By Dave Andrusko
Editor’s note. This appeared in the September/October digital edition of National Right to Life News.
Last year NRL News Today ran a series of stories about a St. Louis city ordinance which opponents decried as establishing St. Louis as an “Abortion Sanctuary City.”
A nonprofit maternity home, a Catholic elementary school, and a businessman filed a lawsuit against St. Louis Ordinance 70459, which prohibits any organization, church or business from hiring or firing employees—even excluding from membership in the case of churches—on the bases of what the Ordinance refers to as “reproductive health decisions or pregnancy status.” That requirement, opponents maintained, amounted to forcing pro-life entities to support and even fund abortions of their own employees.
Over the weekend Our Lady’s Inn Maternity Homes, the Archdiocese of St. Louis Elementary Schools, and business owner Frank O’Brien were vindicated. On September 30, Federal District Judge Audrey Fleissig held that First Amendment and state religious freedom rights were violated when the city passed Ordinance 70459.
Judge Flessig “found that the ordinance violated the First Amendment rights of Our Lady’s Inn and the Archdiocesan Elementary Schools of St. Louis by compelling the pregnant women’s home and the group of Catholic grade schools ‘to employ or house individuals who advocate for or perform abortions,’ practices that are contrary to the missions of both organizations,” according to the Thomas More Society which represented all of the litigants.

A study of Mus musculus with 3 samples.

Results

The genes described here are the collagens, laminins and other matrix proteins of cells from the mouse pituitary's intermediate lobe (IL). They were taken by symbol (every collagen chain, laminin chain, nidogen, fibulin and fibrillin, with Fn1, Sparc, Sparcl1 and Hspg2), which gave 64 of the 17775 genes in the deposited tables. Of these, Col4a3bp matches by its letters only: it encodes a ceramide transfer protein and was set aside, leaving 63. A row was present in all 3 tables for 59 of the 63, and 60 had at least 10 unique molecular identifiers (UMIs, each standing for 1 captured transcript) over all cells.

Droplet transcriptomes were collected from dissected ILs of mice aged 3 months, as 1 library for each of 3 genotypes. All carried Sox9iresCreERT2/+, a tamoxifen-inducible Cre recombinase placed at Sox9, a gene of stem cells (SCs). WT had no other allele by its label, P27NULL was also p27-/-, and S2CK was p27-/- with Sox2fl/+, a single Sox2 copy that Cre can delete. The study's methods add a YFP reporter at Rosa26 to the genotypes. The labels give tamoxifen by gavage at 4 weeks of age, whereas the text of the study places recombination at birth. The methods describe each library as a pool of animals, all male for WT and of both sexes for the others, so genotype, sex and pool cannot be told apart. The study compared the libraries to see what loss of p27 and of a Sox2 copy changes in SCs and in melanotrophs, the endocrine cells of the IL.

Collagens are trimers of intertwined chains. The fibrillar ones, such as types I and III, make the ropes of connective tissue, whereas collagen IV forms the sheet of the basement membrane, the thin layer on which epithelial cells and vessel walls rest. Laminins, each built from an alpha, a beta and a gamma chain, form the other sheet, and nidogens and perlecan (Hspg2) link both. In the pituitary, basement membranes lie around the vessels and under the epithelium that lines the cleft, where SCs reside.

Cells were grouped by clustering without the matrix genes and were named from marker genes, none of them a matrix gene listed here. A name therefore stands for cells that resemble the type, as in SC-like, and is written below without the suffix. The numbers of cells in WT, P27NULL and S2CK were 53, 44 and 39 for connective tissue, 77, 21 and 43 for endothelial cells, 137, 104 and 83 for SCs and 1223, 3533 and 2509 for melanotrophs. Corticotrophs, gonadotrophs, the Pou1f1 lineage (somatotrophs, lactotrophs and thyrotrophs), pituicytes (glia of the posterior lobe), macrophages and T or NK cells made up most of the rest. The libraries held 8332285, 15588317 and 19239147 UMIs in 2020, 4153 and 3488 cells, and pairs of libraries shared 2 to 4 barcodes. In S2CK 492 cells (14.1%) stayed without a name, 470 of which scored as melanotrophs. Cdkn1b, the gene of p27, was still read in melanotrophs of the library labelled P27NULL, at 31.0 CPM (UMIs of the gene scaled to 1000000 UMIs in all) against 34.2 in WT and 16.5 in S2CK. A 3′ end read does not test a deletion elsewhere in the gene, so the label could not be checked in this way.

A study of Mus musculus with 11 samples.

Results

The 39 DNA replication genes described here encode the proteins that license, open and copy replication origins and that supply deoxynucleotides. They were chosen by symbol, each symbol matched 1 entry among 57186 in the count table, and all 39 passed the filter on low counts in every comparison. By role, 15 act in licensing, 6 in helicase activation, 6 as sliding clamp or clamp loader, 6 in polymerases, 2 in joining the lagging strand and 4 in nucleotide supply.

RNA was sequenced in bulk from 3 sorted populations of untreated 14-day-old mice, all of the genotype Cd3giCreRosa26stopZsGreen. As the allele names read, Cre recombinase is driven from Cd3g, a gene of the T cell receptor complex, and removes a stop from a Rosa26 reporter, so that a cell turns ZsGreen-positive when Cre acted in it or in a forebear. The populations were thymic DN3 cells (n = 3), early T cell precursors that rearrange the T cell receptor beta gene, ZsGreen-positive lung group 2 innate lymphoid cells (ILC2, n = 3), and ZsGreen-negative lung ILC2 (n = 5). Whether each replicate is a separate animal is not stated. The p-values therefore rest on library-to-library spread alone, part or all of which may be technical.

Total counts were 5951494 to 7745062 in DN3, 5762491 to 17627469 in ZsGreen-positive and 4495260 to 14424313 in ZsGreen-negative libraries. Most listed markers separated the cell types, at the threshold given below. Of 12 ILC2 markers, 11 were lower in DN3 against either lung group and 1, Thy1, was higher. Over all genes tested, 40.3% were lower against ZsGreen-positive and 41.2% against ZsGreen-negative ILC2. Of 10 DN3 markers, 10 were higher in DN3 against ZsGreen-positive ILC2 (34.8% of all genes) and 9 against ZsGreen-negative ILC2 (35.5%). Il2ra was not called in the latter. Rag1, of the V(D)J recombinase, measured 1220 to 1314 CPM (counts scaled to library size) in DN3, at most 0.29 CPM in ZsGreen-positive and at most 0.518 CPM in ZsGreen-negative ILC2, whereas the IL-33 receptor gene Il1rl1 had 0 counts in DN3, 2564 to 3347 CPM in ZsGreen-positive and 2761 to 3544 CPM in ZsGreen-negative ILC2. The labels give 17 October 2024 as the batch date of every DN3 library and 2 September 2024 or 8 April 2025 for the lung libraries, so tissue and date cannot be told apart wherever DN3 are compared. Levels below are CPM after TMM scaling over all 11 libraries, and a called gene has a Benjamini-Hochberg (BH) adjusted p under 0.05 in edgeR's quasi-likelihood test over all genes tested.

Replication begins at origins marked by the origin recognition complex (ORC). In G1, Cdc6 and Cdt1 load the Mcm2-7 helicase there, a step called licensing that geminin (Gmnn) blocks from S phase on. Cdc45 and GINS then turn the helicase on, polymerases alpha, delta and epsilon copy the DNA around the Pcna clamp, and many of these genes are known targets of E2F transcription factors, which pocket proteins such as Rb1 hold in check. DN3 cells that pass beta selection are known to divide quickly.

“Additionally, Judge Fleissig found that the ordinance was unlawful as applied to Frank O’Brien, CEO of O’Brien Industrial Holdings, because it interfered with his ‘exercise of religion’ under the Missouri Religious Freedom Restoration Act,” the Thomas More Society said in a press release.
Proponents of 70459 argued that the Ordinance was needed to protect abortion advocates from discrimination. “This law that claims to protect abortion supporters from discrimination is actually an attempt to suppress the viewpoint of those who believe that abortion is harmful or wrong by making it impossible for them to operate in accordance with their beliefs within the City of St. Louis,” said Thomas More Society special counsel Sarah Pitlyk.
“We are especially pleased with the Court’s acknowledgement that there is no evidence whatsoever of the kind of discrimination that this ordinance purports to address, because it exposes the law for the sham that it is. It’s unfortunate that it took a lawsuit to vindicate the fundamental rights of St. Louis citizens, but the St. Louis Board of Aldermen has now been made aware that it is unconstitutional to require pro-life organizations to hire or rent property to abortion proponents, and that it is illegal to require pro-life employers to include abortion coverage in their employee health plans.”